Omrod: Sleep it Off, Dartmouth

We’re stressed and depressed, but with a solid résumé to impress?

by Madeline Omrod | 1/25/18 1:15am

My sophomore summer, I took a class taught by the wonderful professor Michael Sateia called Psychology 50.04, “Sleep and Sleep Disorders.” The thesis of the class? Sleep matters. It matters a lot more than we think it does. It affects everything we do — our mood, our cognition, our digestion, our movement. Sleep impacts just about every area of our lives. The great irony of the class? Our professor drilled us on the importance of sleep for two hours every Tuesday and Thursday, but the grand majority of the class was clearly not getting enough sleep. They would roll into class exhausted and lethargic, trying to stay awake on little more than caffeine and pure determination.

The lack of healthy sleeping habits among Dartmouth students became obvious to me very early on. During freshman spring, my roommate would often go to bed around 5:30 a.m. and still wake up in time for her 9L at 8:45 a.m. This happened regularly. I know many fellow juniors who slept as little as my roommate did. If you know me, you know I respect the hell out of sleep. I was getting a solid eight to nine hours a night, and I felt like a freak. Why did nobody in college sleep?

Sleep isn’t the only thing students sacrifice in an academically rigorous environment like Dartmouth’s. I know people who regularly skip meals to maximize studying. At a school where midterms can occur almost non-stop from week two to week nine, this adds up. My first term at school, my weekly two-hour Sunday Foco brunches with friends were one of the few things that kept me sane in the midst of the crazy new adventure of college. But as time went on, these sacred, magnificent meals where my friends and I could be crazy and weird and young together happened less and less. To my chagrin, we started to recognize the need to prioritize our time for schoolwork. And we were not the only ones — I cannot tell you how many times I have overheard people cut a conversation with friends short because they “really should be studying right now.”

This past fall term, there was a lovely “Day of Peace” vigil held on the Green to mourn the recent tragedies that have been happening across the world. In a school of about 4,000 undergraduate students, maybe 30 students attended the vigil. Why were the numbers so low? My guess is that people were studying in the library or doing things they needed to get done just to keep up with their never-ending lists of obligations. People want to do well at this school so badly that they neglect important opportunities for deep human connection. And we wonder why people feel so depressed and anxious.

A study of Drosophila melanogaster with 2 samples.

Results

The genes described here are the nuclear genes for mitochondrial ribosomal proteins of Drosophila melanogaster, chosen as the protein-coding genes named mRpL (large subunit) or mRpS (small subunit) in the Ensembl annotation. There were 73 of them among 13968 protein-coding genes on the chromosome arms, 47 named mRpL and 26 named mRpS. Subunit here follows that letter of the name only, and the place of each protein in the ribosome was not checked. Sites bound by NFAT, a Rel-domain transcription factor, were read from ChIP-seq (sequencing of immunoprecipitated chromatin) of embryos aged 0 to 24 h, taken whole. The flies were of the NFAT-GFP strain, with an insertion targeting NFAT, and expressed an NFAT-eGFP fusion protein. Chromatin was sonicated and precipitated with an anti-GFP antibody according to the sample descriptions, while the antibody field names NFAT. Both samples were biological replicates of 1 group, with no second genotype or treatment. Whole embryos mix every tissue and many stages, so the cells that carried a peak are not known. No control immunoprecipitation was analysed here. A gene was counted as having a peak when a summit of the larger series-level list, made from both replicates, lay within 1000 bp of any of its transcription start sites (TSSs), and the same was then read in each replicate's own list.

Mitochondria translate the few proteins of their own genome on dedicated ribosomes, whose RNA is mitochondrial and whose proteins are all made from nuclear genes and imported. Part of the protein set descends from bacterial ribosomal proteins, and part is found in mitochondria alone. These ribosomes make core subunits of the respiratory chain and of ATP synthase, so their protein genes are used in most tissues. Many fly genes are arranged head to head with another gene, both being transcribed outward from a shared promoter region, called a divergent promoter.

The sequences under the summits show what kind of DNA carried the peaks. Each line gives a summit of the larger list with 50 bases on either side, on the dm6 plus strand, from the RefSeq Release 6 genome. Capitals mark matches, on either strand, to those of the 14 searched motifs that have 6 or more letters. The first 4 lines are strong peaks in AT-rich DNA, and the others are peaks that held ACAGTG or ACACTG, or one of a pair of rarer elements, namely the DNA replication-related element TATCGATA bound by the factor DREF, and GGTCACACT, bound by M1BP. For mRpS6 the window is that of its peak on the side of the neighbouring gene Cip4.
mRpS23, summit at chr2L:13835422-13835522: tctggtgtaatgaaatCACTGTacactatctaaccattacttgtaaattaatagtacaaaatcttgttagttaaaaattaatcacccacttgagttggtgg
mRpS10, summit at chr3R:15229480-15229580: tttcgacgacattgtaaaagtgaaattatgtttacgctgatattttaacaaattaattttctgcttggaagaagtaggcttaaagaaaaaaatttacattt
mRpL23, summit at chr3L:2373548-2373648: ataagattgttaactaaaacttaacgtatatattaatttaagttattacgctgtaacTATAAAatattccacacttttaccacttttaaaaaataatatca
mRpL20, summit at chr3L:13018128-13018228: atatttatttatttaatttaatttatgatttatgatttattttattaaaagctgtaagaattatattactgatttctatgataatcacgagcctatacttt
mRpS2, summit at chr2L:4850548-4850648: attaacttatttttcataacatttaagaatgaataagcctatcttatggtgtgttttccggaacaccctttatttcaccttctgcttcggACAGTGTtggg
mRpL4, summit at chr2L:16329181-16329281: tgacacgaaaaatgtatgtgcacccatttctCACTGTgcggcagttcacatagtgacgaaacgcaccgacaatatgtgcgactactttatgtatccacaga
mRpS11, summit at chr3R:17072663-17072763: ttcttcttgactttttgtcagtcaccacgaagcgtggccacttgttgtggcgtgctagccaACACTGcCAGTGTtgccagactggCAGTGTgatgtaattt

I do not fault the students here who sacrifice the most basic necessities like food and sleep in order to succeed. The truth is, I have often become this kind of person myself. But I want to ask the question: Is it worth it? What is the point of this self-sacrifice if the lifestyles we lead in college make us so stressed and unhealthy that we become depressed and anxious? College is supposed to be a time to explore ourselves and the world around us. How can we do that if we are so tired and stressed that we barely have time to chat with our friends in the KAF line?

To counteract this pattern of stress and self neglect, we must let go of the expectations we placed on ourselves during our days as overachieving nerds in high school. It is okay to have a less than perfect GPA. It is okay not to intern for a senator every summer — it is okay to work at your favorite ice cream place by the beach instead. We are young, and life is long. If you spend your whole life fixated on the next thing on your to-do list, you will miss out on the really great moments, like sitting next to your best friends on the Green in the sun drinking iced tea and smiling, or spending three hours laughing with your mom at Lou’s even though you (might) have a big biology midterm in two days. As the ever wise Albus Dumbledore once said, “It does not do to dwell on dreams and forget to live.”

So I urge you to take some revolutionary steps toward happiness. First, sleep. Sleep provides an incredible chance to escape from life’s stresses and let one’s body repair and recharge. Second, put your phone away. Shut it off, throw it out the window, just do not look at it for a few hours. Focus on living in the present, and you will be amazed at how free you can feel when you’re away from the annoyances of a smart phone. Finally, be kind to yourself. Accept where you are today, and know that perfection is unattainable. Try your best, but do not forget to take care of yourself. Always take time to do things that make your soul feel good.

Practicing these simple steps might not lead to a perfectly pristine résumé. But the truth is, when you’re 80 years old and sitting on your front porch reflecting on your life, you definitely won’t be thinking about your “terrible” college GPA.

Omrod is a member of the Class of 2019.